Well we haven't hiked in about ten whole days and upon taking the first few steps out of bed each morning, the tops of my feet still throb tenderly. But I shrug it off as I wander into the bathroom to use the toilet, my feet dangling just above the cool tiled floor, relaxed. I recall how once upon a time not long ago, I'd otherwise be squatting next to a tree and grimacing in the agony that the hunched over pose presented to my toes and joints. I brush my teeth in the sink, using water recklessly, and rinse my toothbrush when I'm through. On the trail I would dry brush, modestly conserving toothpaste from the tiny travel sized tube, spitting in the dirt and slurping my toothbrush clean of any excess before jamming it back into its home in the hip belt of my backpack. Instead of pulling my filthy, and probably still damp with sweat from the previous day, clothes back onto my aching body (I often complained to Andy that I felt like a rag doll in the mornings), I skip getting dressed entirely and hop back into bed. Grabbing my phone, I scroll indulgently through the Internet, scanning headlines of the Atlantic, the Economist, Vice, Huffington Post. Once I'm bored with (or depressed by) the day's news, I'm ready to seek out coffee and breakfast. Ah, leisure.
The daunting obligation to hike twenty-five miles each day is officially a thing of the past. I've rejoined society. I'm an indoor cat again.
It's sort of amazing how easy it is to slip back into normalcy. Staying up late to watch Colbert on the Late Show leads to sleeping (way) in, ignoring our old alarm that crooned Leonard Cohen at 6:15am each day. Passing out in an exhausted heap in our tent by 9pm is but a bittersweet memory now, as we stretch out on pillow top mattresses surrounded by fluffy down pillows playing WordFeud until 1am.
At first, arriving in Portland was overwhelming. The dining and shopping options were limitless. Everything became instantly easy again. We didn't have to hitchhike, Uber was just a click away. We didn't have to worry about the weather, we could just go inside. We acquired comfortable cotton clothes and some deodorant. And there were people everywhere. And we couldn't just pee anywhere we wanted to, as soon as we had to go. Our hands were clean, washed with soap multiple times a day. We didn't have to spend a significant portion of each shower sitting on the floor and vigorously scrubbing at our ankles and toenails. The abundance of places to sit comfortably was delightful. Ah, to eat at a table! There was art and music. There were man made curiosities around each corner of the city. Food trucks with exotic treats such as fried peanut butter and jellies and ethnic cuisine from around the world. No more forced lunches of Mission tortillas and Nutella. Thai restaurants and coffee shops on each block. No more Starbucks instant iced coffee packets shaken up in plastic Gatorade bottles. And the irony was that we weren't even nonstop famished anymore.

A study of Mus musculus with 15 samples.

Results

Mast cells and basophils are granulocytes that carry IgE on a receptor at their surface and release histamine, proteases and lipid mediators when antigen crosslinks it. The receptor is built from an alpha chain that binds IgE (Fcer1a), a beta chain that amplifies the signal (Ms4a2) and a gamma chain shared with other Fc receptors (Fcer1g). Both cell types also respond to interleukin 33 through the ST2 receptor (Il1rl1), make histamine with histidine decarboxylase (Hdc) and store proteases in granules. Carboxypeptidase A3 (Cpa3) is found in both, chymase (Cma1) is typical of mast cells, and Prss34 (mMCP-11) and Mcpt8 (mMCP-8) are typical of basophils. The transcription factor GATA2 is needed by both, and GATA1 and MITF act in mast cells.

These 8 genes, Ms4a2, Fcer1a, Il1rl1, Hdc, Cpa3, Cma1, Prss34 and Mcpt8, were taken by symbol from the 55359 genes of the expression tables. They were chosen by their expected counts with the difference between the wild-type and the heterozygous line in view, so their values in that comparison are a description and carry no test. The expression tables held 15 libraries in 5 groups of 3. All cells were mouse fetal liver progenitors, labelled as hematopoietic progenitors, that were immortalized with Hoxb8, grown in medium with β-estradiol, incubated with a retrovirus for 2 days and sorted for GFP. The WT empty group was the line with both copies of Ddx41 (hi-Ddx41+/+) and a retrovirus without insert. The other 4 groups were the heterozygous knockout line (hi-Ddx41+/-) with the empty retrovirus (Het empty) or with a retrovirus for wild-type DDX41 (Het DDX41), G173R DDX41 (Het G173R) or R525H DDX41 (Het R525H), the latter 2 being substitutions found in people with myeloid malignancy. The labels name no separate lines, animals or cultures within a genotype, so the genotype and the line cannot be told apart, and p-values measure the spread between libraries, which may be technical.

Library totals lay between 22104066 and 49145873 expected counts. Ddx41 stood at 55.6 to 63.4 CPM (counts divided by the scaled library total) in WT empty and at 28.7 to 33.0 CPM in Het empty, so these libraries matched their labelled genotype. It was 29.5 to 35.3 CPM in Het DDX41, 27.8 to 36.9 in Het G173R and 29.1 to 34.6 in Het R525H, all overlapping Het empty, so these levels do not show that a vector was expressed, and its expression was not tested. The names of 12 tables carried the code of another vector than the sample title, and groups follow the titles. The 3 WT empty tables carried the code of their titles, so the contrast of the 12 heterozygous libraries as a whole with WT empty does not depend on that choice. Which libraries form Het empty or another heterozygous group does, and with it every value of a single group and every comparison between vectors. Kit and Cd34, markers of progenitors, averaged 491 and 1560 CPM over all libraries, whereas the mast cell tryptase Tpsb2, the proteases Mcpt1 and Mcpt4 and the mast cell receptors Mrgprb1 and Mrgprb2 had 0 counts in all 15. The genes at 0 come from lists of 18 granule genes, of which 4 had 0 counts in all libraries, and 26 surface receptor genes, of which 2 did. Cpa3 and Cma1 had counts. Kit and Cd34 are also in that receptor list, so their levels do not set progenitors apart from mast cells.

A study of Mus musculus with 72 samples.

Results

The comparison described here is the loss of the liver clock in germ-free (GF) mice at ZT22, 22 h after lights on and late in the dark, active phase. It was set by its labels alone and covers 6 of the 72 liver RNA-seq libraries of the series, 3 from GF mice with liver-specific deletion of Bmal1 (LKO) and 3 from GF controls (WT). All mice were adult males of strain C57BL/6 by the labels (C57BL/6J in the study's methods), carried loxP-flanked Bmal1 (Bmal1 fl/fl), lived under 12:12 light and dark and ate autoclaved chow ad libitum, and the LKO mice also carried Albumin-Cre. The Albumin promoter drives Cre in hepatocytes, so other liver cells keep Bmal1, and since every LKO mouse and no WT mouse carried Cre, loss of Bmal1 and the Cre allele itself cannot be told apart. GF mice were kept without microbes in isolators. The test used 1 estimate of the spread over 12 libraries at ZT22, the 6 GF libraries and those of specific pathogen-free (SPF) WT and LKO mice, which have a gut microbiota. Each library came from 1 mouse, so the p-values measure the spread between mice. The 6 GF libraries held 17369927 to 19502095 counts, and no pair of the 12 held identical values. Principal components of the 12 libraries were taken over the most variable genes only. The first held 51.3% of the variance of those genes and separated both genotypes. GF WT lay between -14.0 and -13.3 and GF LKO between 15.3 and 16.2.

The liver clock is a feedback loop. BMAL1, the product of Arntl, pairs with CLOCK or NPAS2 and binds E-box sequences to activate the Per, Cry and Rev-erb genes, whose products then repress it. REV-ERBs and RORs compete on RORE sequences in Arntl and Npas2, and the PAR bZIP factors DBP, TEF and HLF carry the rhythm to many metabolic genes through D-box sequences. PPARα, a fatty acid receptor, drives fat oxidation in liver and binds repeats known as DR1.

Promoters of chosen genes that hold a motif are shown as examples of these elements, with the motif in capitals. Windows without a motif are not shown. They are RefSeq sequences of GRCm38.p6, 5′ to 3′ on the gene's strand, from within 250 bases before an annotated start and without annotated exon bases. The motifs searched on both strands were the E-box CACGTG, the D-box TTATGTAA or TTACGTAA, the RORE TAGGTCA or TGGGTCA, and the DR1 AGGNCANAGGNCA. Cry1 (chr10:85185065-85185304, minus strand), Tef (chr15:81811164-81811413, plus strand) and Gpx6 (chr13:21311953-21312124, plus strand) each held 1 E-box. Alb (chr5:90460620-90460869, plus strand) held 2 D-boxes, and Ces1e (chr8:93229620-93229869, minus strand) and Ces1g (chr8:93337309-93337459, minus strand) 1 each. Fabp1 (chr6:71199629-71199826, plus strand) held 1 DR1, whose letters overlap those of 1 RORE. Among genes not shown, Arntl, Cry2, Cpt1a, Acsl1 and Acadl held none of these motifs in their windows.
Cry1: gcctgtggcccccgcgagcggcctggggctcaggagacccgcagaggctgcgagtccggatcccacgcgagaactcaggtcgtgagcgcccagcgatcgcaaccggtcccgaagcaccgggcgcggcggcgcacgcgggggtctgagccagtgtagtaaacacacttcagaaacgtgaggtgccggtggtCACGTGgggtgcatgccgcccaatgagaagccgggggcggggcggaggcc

I purchased a large umbrella and a 500 page Harpers Bazaar. Very impractical for the trail.
Getting "off trail" was the right decision. We recently took our rental car and met our hiker friends who are still going strong at Snoqualmie Pass for dinner and to wish them well on their last couple hundred miles to Canada. Everyone seemed a little burnt out, but in good spirits. The recent cold, rain and snow that had moved into Washington was good for the wildfires, but bad for the hiking. Views from the famous Goat Rocks Wilderness were few and far between for our friends, which was both discouraging and frustrating. We gave them a bit of a pep talk ("almost done!") and they congratulated us on knowing when enough was enough.
They complimented us on looking clean and fresh in our new clothes and we complimented them on having the strength and tenacity to finish the damn thing. It sounded like the Washington portion of the PCT, while having the best views since the High Sierras, was physically hard as hell.
So while we are still dillydallying, we have been in full on chill mode. We've easily been the youngest folks on the scene since we took off from Portland, stopping at a few casinos on our way up the coast to Cannon Beach then Ballard then to San Juan Island. We've made lots of white haired friends around shared Bed & Breakfast tables, in line for the ferry from Anacortes, and waiting to board our sleeper train car in Seattle. Now we're en route to San Francisco to reunite with our camper and drive home to Denver.
We've been looking forward to this train ride on Amtrak's Coastal Starlight since before we began hiking, when we took the southern portion of the same train from San Francisco to LA. Barefooted in our roomette sipping hot coffee and staring mindlessly out the window as the train hurtles southbound, we have time to reflect on our crazy summer of being woodland critters.
An elderly gentleman who works for the National Forest Service just popped in to tell us some history about the area that the train passes through, pointing out bridges and such. We tell him we've been hiking for five months on the PCT and he inquires if we will ever do it again. We lock eyes, smile knowingly and confidently shake our heads no.